The start of 2017 was not promising for the waste and recycling industry, says Robbie Staniforth, commercial manager at Ecosurety. He asks if 2018 could be the year the UK finally wakes up to plastic recycling.
The start of 2017 was not promising for the waste and recycling industry. Over the past 12 months I’ve lost count of the number of occasions I’ve heard the phrase “in the fullness of time” at conferences and events to attempt to answer the torrent of questions caused by the regulatory uncertainty of Brexit.
But the industry has caught its breath and is now pressing ahead in many different areas.
The mere inclusion of the words “recycling”, “resources” and “the Circular Economy” in recent government strategies provides real hope the sector and producer responsibility will be incorporated into future plans.
The BEIS Clean Growth Strategy was particularly helpful and outlined key areas where UK Plc could help the government to shape objectives for the future. However, I await Defra’s 25-year Environment Plan and the Resources and Waste Strategy before gauging whether Government will make good on their manifesto commitment to leave the environment in a better state than they found it.
A coherent and wide-ranging strategy for example would help us not get blindsided the individual issues of litter, DRS and China’s decision not to accept our contaminated plastic.
“A coherent and wide-ranging strategy for example would help us not get blindsided the individual issues of litter, DRS and China’s decision not to accept our contaminated plastic.”
Though there was only one nod in the Government’s recent Industrial Strategy: Building a Britain Fit for the Future, it was a significant one. With uncertainty over the extent to which the UK will adopt the EU’s Circular Economy package, it was relief to hear Government talking about “transitioning to a Circular Economy” in one of their own documents. OK, actions speak louder than words, but I take great heart from simply seeing it in black and white in an official document. Somebody, somewhere is listening.
There is also further progress on a potential single-use plastics tax mentioned in last month’s Autumn statement. While politicians seek a silver bullet, I very much hope the recycling community can support the under-pressure plastics industry to suggest the legislation we really need. We must also seriously look at the practice of sending plastics far away to be recycled, tonnage-based targets, collections versus recycling targets, and consumer behaviour.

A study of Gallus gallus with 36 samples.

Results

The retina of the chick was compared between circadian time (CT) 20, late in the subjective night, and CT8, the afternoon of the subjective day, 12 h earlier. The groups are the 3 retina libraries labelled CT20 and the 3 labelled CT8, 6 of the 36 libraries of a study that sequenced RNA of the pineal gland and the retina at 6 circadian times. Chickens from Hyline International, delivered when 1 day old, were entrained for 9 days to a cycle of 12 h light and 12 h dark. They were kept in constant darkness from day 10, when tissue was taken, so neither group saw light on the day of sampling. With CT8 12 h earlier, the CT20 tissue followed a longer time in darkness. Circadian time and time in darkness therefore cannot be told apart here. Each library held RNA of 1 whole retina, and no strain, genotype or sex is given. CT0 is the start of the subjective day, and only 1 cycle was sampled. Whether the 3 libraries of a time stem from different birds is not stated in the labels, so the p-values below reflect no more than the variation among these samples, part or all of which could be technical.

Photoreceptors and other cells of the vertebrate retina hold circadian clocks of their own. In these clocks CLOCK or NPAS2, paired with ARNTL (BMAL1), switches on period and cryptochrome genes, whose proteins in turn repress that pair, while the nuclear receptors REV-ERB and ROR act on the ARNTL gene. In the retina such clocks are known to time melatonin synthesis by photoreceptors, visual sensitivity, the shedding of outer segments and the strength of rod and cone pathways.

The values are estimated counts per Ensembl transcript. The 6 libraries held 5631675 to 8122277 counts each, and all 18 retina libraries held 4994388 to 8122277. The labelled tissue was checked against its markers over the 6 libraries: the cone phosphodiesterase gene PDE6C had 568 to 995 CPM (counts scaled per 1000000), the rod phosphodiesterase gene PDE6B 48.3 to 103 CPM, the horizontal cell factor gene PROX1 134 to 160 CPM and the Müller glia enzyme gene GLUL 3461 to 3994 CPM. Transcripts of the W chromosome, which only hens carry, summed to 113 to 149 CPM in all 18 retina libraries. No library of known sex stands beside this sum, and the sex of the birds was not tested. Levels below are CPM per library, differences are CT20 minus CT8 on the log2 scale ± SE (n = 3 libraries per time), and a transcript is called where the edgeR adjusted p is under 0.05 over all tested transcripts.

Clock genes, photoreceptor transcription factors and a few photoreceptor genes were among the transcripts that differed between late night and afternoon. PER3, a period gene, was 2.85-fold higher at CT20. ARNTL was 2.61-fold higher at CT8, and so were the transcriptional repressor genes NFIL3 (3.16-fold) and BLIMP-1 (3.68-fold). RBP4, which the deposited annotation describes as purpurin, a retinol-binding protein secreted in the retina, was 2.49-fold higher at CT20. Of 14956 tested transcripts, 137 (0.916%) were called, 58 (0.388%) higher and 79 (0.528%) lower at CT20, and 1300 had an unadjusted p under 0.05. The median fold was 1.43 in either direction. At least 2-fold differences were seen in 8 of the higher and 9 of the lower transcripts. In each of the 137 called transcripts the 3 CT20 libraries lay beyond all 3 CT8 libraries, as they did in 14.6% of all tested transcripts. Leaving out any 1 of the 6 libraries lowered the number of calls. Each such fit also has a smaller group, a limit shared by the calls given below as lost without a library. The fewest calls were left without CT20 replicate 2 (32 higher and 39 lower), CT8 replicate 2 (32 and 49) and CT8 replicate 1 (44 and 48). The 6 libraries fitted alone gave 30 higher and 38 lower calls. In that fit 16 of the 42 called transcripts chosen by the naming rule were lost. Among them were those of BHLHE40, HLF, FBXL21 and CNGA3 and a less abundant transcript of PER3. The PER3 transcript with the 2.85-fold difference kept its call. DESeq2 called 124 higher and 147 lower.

The time has also come for the UK to really scrutinise the reasons why it exports plastic waste. Is it enough to simply meet targets, or by creating a higher quality raw material for export could the UK be part of a virtuous circle? When we see the images of floating plastic, most of the wrappers show the main culprit to be the West. Don’t we want to know exactly where our plastic ends up?
With all signs pointing to China getting serious about maintaining its newly-imposed quality thresh-holds next year, there is potential for the UK to create a market for the raw plastic and export the material. Until now, the UK has never needed to consider creating a manufacturing sector to reuse raw plastic material. That decision could come back to bite us if the WTO doesn’t succeed in organising a five-year extension.
But for this to happen, the UK needs better segregation of material at source, not to mention a national strategy to tackle the “on the go” recycling issue.
With the work of the OPRL (On-Pack Recycling Label) continuing at pace, there is hope for consumer recycling engagement. More information of this type could help heal the disconnect between consumers and recyclers.
Instead of being a nation of shopkeepers that trades away its problems, the UK has the potential to evolve into a nation of recyclers. This way, we could ensure our plastic does not end up in the ocean, we could recycle our own waste, and build a recycling infrastructure that provides quality material to countries around the world.
Sound far-fetched? Eighteen months ago we didn’t think the UK would leave the EU, now we’re talking about borders between England the Republic of Ireland. In the present climate, nothing should be ruled in, or out.